This talk will discuss the fascia and explain how trauma is stored in the tissues. We will explore the connection between the heart, the brain, and the vagus nerve and identify how it relates to Dercum’s disease, lipedema, Ehlers-Danlos syndrome, dysautonomia, and mast cell activation syndrome.
The vagus nerve facilitates communication between the brain, cardiovascular, gut, and immune systems. There is a link between the fascia and the autonomic nervous system, as there are many sensory nerve endings in the connective tissue. These sensory nerves transmit pain signals.
Patients with lipedema and connective tissue diseases have chronic inflammation and pain and experience stress and anxiety. Stress can lead to mast cell activation, histamine release, and more inflammation. Scar tissue, injuries, repetitive motion/stress, surgery, posture, trauma, disease, inactivity, and inflammation, can cause fascial restrictions. The restricted fascia could also be an emotional issue, such as chronic stress, grief, or unresolved trauma. Dercum’s disease and lipedema patients experience gastrointestinal symptoms, depression, anxiety, and memory or concentration problems.
Activating the vagus nerve can accelerate the body’s anti-inflammatory response by calming the nervous system and lowering the body’s production of inflammatory cytokines. Vagus nerve stimulation may also help to reduce stress, decrease mast cell activation, and lower histamine release.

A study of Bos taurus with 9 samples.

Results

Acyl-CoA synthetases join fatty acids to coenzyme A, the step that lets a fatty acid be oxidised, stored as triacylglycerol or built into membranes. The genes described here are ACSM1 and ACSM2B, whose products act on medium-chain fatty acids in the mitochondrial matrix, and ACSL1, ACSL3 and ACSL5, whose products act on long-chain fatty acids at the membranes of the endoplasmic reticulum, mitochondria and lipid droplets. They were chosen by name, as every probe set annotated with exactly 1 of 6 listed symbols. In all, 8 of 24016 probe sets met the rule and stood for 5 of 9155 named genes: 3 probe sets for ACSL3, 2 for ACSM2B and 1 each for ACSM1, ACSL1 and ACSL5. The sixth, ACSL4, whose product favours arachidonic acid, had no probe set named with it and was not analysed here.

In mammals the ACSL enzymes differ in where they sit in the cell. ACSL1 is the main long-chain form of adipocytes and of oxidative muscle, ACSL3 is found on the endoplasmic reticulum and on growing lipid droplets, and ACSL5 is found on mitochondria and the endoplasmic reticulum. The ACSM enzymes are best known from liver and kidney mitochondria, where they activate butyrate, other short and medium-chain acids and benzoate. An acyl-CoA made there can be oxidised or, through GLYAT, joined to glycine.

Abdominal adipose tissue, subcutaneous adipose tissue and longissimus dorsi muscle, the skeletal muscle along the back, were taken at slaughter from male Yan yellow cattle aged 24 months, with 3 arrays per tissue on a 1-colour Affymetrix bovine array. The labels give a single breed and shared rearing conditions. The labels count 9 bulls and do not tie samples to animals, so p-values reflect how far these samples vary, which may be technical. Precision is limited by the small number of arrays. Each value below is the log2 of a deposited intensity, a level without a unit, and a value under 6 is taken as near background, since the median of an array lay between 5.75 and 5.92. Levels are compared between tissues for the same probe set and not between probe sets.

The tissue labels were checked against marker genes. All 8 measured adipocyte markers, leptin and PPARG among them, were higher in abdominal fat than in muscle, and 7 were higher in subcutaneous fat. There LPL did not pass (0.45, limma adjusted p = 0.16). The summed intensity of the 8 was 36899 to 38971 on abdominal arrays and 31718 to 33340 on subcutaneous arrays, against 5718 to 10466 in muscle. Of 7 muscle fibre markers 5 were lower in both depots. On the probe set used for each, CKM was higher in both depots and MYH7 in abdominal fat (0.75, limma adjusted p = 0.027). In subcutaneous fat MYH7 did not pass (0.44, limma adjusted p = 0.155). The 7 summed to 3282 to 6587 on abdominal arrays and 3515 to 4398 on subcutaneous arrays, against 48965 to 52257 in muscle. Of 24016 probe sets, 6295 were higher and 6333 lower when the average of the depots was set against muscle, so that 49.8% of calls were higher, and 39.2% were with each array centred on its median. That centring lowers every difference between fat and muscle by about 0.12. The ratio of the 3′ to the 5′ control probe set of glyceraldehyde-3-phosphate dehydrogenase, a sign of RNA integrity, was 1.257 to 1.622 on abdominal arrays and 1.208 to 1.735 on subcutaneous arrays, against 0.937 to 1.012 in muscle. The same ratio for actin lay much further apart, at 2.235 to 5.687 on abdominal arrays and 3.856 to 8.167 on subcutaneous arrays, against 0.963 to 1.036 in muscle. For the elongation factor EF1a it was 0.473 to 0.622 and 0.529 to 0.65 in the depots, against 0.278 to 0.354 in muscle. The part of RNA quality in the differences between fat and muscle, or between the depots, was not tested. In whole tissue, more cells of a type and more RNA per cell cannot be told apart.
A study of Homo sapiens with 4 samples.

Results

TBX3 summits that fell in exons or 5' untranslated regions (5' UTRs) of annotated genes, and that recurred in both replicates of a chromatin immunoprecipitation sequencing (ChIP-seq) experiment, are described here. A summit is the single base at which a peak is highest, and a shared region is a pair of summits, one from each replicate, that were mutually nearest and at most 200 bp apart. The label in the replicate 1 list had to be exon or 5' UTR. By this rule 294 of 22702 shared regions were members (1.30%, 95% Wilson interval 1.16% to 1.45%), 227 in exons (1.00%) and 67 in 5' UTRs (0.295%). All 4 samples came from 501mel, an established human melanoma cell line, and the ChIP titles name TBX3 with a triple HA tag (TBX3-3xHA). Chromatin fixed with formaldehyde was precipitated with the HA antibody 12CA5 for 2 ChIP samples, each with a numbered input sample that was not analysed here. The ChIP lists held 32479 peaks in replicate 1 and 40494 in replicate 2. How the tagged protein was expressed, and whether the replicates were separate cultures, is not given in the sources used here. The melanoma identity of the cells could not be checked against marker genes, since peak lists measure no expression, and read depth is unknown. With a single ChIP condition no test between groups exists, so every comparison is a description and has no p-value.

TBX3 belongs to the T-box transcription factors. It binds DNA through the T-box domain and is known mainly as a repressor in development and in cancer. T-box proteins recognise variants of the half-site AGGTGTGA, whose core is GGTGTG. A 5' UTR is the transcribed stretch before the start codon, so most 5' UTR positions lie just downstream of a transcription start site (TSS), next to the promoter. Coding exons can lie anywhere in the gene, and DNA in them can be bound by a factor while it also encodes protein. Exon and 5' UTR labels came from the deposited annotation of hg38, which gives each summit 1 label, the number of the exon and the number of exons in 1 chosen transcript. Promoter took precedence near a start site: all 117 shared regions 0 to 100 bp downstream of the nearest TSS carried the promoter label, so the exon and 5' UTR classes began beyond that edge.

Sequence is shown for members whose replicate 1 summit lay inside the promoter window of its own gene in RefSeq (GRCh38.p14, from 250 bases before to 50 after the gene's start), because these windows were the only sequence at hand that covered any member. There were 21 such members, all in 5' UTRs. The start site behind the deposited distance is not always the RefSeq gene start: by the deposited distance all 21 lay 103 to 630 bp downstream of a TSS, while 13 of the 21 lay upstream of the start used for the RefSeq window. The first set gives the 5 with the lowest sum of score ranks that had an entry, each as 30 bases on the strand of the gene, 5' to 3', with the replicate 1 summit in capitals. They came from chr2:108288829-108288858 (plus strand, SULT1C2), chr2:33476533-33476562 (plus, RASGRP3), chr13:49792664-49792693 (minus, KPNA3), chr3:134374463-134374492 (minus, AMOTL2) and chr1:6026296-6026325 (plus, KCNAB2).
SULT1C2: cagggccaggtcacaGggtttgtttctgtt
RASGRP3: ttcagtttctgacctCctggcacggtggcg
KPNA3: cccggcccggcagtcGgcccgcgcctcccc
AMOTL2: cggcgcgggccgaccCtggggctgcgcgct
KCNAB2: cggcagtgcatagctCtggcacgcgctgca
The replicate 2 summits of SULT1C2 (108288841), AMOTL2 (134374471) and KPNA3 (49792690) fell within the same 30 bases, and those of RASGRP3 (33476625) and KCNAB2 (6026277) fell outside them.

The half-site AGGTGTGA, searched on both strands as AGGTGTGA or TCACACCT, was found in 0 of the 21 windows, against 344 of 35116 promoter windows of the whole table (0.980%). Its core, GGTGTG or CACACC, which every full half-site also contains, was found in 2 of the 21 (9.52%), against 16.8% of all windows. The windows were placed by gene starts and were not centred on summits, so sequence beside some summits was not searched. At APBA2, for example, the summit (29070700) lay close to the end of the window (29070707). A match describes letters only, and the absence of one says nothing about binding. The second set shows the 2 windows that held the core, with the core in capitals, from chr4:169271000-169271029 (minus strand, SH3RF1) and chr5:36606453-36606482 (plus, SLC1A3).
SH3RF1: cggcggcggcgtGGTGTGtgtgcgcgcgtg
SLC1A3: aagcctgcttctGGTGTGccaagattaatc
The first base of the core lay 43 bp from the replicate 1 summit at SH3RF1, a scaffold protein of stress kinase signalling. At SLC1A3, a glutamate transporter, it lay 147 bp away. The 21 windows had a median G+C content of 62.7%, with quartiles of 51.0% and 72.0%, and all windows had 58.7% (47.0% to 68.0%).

About our Speaker
Linda Anne Kahn, CLT-LANA, NCBTMB, CDT, is a lymphedema therapist, an integrative health coach, and the president of Lymphatic Therapy Services of San Diego. She’s an internationally certified manual lymph drainage (MLD) therapist through the Dr. Vodder School in Austria, the Dr. Foeldi School in Germany, and the Dr. Casley-Smith School in Australia.
She is a frequent guest speaker at national and international lymphedema and lipedema conferences and is a co-author of the widely-respected book, “The Lymphedema and Lipedema Nutrition Guide.” She is a co-author of the Standard of Care for Lipedema in the United States. She has been treating patients for more than 25 years and is dedicated to helping people thrive and instill confidence in themselves.